More agricultural research funding and a farmer-centred approach to boosting food production are needed to prevent future food emergencies.
One of the unfortunate side effects of the global economic crisis is that it has deflected attention from the food crisis that was grabbing headlines a year ago. Rapidly escalating food prices — spurred on by the price of oil and commodity speculation among other factors — have a disproportionate impact on the world's poor.
Now oil prices have fallen and the speculation frenzy has cooled off, food prices have also fallen by up to 50 per cent. But this does not mean the problem has gone away. For although the price of food has fallen, so too has the poor's ability to pay for it as a result of their reduced income. The World Food Programme estimates it will need 20 per cent more funding this year — on top of last year's record US$6 billion budget — to feed the world's poorest.
And even if last year's price increases have stopped, other drivers of food shortages — such as rapid population growth and climate change — remain as strong as ever.
A political issue
This is the background against which agricultural ministers of the G8 group of leading industrial nations will meet for the first time in Italy this weekend.
With political attention understandably focused on alleviating the immediate fall-outs from the economic crisis, the G8 ministers may be tempted to look to short-term measures — such as topping up the food programme — to ease the pain.
But that would be a mistake. Agricultural experts widely agree that the drop in food prices is only a temporary respite. Long-term solutions are urgently required to ensure that last year's food emergency does not become a permanent feature.
The social disruption such emergencies cause can be even more politically destabilising than those triggered by financial and economic problems — last year's price spike in wheat and rice, for example, led to riots in 30 countries.
Two factors are essential for any long-term solution. First, there needs to be a significant increase in funding for agricultural research and development to boost agricultural productivity.
Many parts of the developing world are suffering from declines in agricultural research funding during the 1980s and 1990s when development agencies focused on structural adjustment policies and food aid.
A survey of 27 African countries by the International Food Policy Research Institute (IFPRI) in Washington, United States, found that about half experienced a fall in agricultural research and development spending during the 1990s — mainly because a large number of World Bank projects came to an end (see Investing in Sub-Saharan African Agricultural Research: Recent Trends [231kB]).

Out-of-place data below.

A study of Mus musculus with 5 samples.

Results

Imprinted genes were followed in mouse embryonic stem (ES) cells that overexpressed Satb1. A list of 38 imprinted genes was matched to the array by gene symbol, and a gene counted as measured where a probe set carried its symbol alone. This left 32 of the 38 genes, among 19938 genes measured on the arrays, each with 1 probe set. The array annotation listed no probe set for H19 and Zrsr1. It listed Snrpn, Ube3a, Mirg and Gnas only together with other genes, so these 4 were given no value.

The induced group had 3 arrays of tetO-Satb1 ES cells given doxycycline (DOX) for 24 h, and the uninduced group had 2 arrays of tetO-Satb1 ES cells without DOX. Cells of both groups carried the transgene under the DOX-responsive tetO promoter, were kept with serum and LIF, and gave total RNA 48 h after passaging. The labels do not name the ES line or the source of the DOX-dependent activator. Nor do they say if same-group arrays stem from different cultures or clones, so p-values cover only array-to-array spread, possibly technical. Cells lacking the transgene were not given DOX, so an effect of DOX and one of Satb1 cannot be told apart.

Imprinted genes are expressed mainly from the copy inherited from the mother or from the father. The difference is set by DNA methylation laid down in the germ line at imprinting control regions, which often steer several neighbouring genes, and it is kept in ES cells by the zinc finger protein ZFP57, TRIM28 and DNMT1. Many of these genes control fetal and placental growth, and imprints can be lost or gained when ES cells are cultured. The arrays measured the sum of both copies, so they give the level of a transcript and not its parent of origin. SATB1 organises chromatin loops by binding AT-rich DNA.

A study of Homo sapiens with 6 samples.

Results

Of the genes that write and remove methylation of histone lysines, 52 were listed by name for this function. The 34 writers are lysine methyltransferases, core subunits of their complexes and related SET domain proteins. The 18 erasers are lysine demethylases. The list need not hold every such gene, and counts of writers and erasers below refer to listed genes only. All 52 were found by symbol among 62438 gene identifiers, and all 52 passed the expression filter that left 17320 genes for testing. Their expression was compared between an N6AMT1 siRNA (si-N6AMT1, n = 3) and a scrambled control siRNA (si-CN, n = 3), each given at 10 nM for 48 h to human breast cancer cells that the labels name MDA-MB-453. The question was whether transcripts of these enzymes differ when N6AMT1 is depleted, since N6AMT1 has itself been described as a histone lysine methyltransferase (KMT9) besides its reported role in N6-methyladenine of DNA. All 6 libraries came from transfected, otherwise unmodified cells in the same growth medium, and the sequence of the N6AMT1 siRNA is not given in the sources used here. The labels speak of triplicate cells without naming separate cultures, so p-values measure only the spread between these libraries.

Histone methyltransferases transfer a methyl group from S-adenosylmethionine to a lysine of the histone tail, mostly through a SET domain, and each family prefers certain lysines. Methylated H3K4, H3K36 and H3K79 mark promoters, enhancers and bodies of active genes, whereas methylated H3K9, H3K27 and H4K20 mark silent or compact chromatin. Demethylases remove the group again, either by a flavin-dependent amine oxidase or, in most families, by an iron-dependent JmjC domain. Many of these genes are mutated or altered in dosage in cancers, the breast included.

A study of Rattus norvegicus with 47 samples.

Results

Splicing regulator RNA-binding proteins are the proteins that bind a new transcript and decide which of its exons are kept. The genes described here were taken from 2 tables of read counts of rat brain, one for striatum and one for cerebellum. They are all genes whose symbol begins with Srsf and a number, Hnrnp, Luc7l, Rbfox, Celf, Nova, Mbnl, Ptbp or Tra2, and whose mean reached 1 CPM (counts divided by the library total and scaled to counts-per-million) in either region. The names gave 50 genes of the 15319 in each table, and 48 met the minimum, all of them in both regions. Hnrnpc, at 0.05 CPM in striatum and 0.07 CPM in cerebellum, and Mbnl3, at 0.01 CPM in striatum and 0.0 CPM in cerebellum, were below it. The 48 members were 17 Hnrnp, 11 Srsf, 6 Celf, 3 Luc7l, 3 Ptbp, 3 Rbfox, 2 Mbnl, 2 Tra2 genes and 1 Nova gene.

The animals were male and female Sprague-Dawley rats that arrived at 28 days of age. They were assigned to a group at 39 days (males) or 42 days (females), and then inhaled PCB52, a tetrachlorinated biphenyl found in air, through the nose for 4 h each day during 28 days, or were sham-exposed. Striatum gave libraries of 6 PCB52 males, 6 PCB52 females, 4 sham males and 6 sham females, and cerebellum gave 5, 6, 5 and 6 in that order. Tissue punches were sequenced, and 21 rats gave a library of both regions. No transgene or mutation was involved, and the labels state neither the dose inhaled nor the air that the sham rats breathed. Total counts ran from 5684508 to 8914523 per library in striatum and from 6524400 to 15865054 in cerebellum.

Recently there has been a welcome reversal of this trend. For example, donor government funding has increased for the research centres making up the Consultative Group on International Agricultural Research, while private foundations, such as the Bill and Melinda Gates Foundation, have also entered the scene.
But more effort is needed. IFPRI's director, Joachim von Braun, recently called for international agricultural research funding to double over the next five years, arguing that such a move could lift more than 250 million people out of poverty by 2020 (see Agricultural R&D key to preventing food crises).
Equally important are steps to put research into practice. In particular, this means improving the innovative capacity of farmers in developing countries.
These people are best placed to meet local demand for food, reducing the need for expensive — and often less nutritious — imports. They can also plough any economic surpluses they make back into the community.
But to be effective, farmers need protecting from the high market price of production inputs. A fertiliser subsidy scheme in Malawi, partly funded by the UK Department for International Development, has surprised critics by its success (see A record maize harvest in Malawi).
Farmers also need access to new technology and protection from predatory pricing by companies patenting key agricultural inputs such as new crop varieties (see GM crops and the Gene Giants: Bad news for farmers).
The agenda facing the G8 agricultural ministers this weekend is just as broad and complex as that which faced the G20 meeting on the financial crisis last month. And its outcome is just as important.
But without a pledge to increase spending on agricultural research and support for farmers to put this research into practice in developing countries, any 'solution' to the food crisis will be little more than a temporary sticking plaster.